Central Park

sights / Parks & gardens

Lonely Planet review

Like the city’s subway system, the vast and majestic Central Park, an 843-acre rectangle of open space in the middle of Manhattan, is a great class leveler – which is exactly what it was envisioned to be. Created in the 1860s and ’70s by Frederick Law Olmsted and Calvert Vaux on the marshy northern fringe of the city, the immense park was designed as a leisure space for all New Yorkers, regardless of color, class or creed. And it’s an oasis from the insanity: the lush lawns, cool forests, flowering gardens, glassy bodies of water and meandering, wooded paths providing the dose of serene nature that New Yorkers crave.

Olmsted and Vaux (who also created Prospect Park in Brooklyn) were determined to keep foot and road traffic separate and cleverly designed the crosstown transverses under elevated roads to do so. That such a large expanse of prime real estate has survived intact for so long again proves that nothing eclipses the heart, soul and pride that forms the foundation of New York City’s greatness.

Today, this ‘people’s park’ is still one of the city’s most popular attractions, beckoning throngs of New Yorkers with free outdoor concerts at the Great Lawn, precious animals at the Central Park Wildlife Center and top-notch drama at the annual Shakespeare in the Park productions, held each summer at the open-air Delacorte Theater. Some other recommended stops include the ornate Bethesda Fountain, which edges the Lake and its Loeb Boathouse, where you can rent rowboats or enjoy lunch at an outdoor cafe; the Shakespeare Garden (west side btwn 79th & 80th Sts), which has lush plantings and excellent skyline views; and the Ramble (mid-park from 73rd to 79th Sts), a wooded thicket that’s popular with bird-watchers. While parts of the park swarm with joggers, in-line skaters, musicians and tourists on warm weekends, it’s quieter on weekday afternoons – but especially in less well-trodden spots above 72nd St such as the Harlem Meer and the North Meadow (north of 97th St).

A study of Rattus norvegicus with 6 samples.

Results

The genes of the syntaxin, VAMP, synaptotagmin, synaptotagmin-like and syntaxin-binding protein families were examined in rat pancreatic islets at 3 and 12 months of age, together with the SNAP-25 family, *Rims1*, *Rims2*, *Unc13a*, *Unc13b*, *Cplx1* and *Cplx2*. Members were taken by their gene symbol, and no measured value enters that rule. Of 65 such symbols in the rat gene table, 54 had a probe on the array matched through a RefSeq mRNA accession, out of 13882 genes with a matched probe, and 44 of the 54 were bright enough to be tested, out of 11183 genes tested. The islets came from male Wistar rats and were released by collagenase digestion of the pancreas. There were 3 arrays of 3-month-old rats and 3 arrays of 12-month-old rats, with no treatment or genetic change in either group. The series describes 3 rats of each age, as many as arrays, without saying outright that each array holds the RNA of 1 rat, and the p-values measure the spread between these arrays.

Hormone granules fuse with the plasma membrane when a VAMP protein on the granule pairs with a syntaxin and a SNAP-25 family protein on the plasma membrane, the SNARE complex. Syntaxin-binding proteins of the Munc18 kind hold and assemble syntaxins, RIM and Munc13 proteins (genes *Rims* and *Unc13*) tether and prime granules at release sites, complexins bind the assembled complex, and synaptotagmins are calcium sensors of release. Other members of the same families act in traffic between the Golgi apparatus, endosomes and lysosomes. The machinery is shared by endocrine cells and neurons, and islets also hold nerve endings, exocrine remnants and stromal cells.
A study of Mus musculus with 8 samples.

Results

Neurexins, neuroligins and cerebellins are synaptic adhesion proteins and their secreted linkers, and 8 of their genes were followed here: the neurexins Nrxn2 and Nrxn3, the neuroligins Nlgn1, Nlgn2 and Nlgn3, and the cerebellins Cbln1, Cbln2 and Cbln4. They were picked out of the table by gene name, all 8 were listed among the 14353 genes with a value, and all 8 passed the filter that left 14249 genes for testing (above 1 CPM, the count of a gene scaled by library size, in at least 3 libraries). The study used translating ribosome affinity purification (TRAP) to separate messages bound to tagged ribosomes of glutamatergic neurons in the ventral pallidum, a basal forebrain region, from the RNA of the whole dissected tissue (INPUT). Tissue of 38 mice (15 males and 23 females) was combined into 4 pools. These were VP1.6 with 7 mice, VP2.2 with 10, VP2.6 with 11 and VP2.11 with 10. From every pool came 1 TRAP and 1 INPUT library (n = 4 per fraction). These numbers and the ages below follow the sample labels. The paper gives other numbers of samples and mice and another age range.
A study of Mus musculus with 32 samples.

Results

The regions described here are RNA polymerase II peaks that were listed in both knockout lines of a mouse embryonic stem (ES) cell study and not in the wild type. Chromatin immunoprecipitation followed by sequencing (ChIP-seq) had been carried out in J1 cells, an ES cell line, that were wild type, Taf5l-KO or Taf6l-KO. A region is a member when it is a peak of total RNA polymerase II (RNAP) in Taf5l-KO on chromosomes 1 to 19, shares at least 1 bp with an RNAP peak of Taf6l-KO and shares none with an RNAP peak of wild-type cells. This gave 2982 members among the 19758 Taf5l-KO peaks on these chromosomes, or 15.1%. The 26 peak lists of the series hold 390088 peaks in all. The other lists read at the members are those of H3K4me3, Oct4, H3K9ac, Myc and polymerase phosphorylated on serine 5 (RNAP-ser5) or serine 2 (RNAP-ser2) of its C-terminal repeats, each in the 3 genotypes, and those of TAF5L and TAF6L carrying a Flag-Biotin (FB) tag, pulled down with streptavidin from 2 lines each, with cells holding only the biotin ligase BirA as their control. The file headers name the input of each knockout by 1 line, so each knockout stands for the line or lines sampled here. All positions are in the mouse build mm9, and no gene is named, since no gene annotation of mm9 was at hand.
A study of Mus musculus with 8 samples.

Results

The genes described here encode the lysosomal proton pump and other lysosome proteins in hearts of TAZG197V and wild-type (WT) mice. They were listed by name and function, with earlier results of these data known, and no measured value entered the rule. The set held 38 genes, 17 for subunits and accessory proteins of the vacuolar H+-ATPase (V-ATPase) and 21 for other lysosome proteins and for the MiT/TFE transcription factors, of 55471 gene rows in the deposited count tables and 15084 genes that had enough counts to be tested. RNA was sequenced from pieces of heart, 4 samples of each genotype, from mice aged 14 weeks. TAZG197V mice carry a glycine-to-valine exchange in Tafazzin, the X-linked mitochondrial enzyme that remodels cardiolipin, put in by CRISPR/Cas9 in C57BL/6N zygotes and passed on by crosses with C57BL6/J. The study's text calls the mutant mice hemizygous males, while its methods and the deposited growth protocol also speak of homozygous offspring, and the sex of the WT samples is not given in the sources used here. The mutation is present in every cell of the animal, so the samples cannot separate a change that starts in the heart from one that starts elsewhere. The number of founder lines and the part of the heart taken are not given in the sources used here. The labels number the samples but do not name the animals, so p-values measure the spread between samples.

Folks flock to the park even in winter, when snowstorms can inspire cross-country skiing and sledding or a simple stroll through the white wonderland, and crowds turn out every New Year’s Eve for a midnight run. The Central Park Conservancy offers ever-changing guided tours of the park, including those that focus on public art, wildlife and places of interest to kids.